Just three short years ago, I lived in New York City and was chasing my dream of becoming a model and actor. I had anticipated living in the Big Apple my whole adolescence and couldn’t believe it was all coming true! While I wouldn’t change one moment of my New York City experience (I had many career highs, wonderful friends, and fell in love with my husband there), all in all, New York living was a daily grind. I worked dozens of jobs: personal trainer, health coach, bartender, waiter, babysitter, restaurant manager, actor, model, dog walker, bookkeeper, and wedding planner—all at the same time. New York really is the city that never sleeps.
Shortly after getting married, my husband and I decided to invest in his career (aka his MBA) and our future family by moving closer to our families in Washington, DC. This provided me with an opportunity to reassess. What is it that I really wanted to do? Before dreaming of a star on the Hollywood Walk of Fame, I had wanted to be a dancer. As a child, the plan was to own a dance studio like my aunt. When I finally asked myself what made me truly happy, I realized I achieved the same high from exercise and yoga as when I was dancing. While I was tiring of cattle calls and the odd modeling and acting jobs here and there, I was becoming more and more driven by my yoga practice and helping my clients get healthy. So, with the move, I decided we weren’t just investing in my husband, but I was ready to fully commit to one path and launch my fitness and nutrition consulting company, FitTrition.
Like any new business, the first year was tough. After a few months of saying yes to everything (Yes I juice! Sure I would love to teach that yoga class! You need a trainer 20 miles outside of my usual location…why not?), I was able to identify my target market and develop a network of consistent clients. I also tapped into many of the wonderful resources available for women entrepreneurs in the area. By my second year in business, I had a full schedule and was hitting my goal of weekly clients.
Then, I found out we were expecting. While this was incredibly blessed news, I was concerned about what this meant for my (finally) blooming business. It was a complete sink or swim moment. My husband was flourishing in his job (while still working towards his MBA), which provided me with a choice: Do I take a step back in my career and stay home or lean in and grow my business? While I was grateful for the ability to have a choice, it also presented a dilemma. Will I feel guilty if I am not home all the time? Will my salary justify paying for child care? After going back and forth about it for months (thank goodness for long gestation periods), I realized my perception was off. Why do we value the worth or cost of child care solely on the woman’s salary and not as a household expense? Child care benefits both the mother and father so that we can provide for our family together. After changing my perspective and realizing the potential for growth in my business, I decided to commit to myself and start leaning in at every workout. I also started asking for help. I would ask clients to share how they handled work/life balance. I had been timid before, as though asking for help was showing some kind of weakness, but I found the opposite to be true. The responses were overwhelming and, frankly, it’s the reason why I’m where I am today.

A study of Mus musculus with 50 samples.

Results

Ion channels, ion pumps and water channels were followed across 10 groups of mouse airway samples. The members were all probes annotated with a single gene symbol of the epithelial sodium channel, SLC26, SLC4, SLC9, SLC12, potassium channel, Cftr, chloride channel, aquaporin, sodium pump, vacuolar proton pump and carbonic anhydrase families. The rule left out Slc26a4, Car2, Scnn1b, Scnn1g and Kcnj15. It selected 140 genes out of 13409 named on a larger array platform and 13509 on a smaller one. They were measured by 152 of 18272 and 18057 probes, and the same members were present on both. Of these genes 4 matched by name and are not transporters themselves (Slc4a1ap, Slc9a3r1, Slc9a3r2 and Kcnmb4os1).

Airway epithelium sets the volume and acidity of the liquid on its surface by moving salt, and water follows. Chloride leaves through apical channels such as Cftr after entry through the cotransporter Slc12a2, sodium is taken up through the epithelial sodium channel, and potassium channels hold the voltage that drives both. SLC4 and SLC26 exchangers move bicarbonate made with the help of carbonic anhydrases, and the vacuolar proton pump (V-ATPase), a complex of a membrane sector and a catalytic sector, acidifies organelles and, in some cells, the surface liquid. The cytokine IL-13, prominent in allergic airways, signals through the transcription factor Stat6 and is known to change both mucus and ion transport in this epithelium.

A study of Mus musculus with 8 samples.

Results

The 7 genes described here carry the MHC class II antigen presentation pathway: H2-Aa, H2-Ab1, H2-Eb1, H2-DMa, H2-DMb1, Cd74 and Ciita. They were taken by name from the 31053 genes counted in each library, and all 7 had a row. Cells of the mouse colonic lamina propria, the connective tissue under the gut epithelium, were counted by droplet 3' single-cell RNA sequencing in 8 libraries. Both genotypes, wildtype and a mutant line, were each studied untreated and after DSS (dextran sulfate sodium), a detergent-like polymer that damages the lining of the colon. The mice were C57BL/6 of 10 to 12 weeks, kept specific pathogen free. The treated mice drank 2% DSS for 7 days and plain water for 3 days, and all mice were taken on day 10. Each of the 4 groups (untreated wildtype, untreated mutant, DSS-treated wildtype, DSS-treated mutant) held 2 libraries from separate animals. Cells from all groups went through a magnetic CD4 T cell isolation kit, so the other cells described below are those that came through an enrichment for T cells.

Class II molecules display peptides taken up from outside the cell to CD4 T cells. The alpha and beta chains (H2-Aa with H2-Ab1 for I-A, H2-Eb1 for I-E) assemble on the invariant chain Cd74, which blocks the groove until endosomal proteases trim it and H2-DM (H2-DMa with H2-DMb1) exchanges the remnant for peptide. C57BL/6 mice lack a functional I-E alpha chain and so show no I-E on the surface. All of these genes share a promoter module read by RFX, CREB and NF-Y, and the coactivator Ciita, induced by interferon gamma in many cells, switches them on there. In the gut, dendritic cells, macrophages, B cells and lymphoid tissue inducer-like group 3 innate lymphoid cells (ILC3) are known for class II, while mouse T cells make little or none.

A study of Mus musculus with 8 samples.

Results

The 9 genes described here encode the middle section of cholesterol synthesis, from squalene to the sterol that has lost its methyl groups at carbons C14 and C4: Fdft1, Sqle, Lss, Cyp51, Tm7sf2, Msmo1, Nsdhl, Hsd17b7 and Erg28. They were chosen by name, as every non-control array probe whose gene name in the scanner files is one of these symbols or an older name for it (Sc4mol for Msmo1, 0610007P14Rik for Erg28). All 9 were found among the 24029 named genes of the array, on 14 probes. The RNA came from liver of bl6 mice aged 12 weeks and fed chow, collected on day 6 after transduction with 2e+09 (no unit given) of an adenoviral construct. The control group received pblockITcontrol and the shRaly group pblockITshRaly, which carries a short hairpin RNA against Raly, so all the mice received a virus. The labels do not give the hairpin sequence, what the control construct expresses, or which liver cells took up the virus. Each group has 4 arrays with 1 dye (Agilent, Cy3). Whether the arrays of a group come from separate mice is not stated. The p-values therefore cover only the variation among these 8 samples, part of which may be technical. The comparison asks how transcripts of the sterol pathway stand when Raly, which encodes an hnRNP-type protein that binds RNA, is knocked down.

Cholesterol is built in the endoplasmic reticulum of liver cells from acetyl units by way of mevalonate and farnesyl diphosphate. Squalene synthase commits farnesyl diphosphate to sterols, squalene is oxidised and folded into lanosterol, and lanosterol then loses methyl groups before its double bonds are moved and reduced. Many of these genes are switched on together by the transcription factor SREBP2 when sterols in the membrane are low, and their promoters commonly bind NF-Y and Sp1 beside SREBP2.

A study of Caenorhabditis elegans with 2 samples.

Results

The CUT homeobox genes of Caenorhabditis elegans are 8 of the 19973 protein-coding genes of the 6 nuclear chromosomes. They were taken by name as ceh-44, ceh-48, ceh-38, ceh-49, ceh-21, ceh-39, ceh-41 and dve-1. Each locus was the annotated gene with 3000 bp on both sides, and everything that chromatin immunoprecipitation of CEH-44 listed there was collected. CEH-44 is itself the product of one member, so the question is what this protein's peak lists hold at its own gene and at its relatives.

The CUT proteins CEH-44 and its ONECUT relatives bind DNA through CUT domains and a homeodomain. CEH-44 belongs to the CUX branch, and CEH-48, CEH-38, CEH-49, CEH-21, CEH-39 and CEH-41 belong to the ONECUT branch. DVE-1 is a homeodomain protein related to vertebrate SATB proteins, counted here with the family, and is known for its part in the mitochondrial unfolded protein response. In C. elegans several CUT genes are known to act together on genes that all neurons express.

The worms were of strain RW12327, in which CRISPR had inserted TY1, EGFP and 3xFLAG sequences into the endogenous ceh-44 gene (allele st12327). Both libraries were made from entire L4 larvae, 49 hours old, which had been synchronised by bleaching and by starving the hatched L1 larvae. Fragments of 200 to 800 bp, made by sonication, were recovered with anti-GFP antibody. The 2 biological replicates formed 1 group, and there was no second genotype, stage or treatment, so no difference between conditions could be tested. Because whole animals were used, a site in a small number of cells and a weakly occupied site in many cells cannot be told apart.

Thankfully those early years in my 20s not only taught me the skill of functioning without a sleep (a skill that came in handy when my son decided not to sleep for eight months), but also time management, hustling, perseverance, and a strong work ethic.As the saying goes: “If you can make it [in New York], then you can make it anywhere.” Once I committed to leaning in, FitTrition became a real business. I wasn’t just a personal trainer anymore, but an entrepreneur with employees. I worried about marketing and growth. Now, in my third year in business, my FIT team includes myself and three other trainers, a brand manager and social media interns. We have acquired two large corporate wellness clients in the DC area, not to mention being featured through various forms of media. Living in NYC, I saw success as only being attainable with an Ivy League education or by having those "right" connections. I let this perception cloud my judgment but have finally embraced that just like my clients, CEOs and entrepreneurs come in all different shapes and sizes. It just so happens that my professional attire is a pair of Nike sneakers, Lululemon pants (not the see through ones!) and my hair in a ponytail.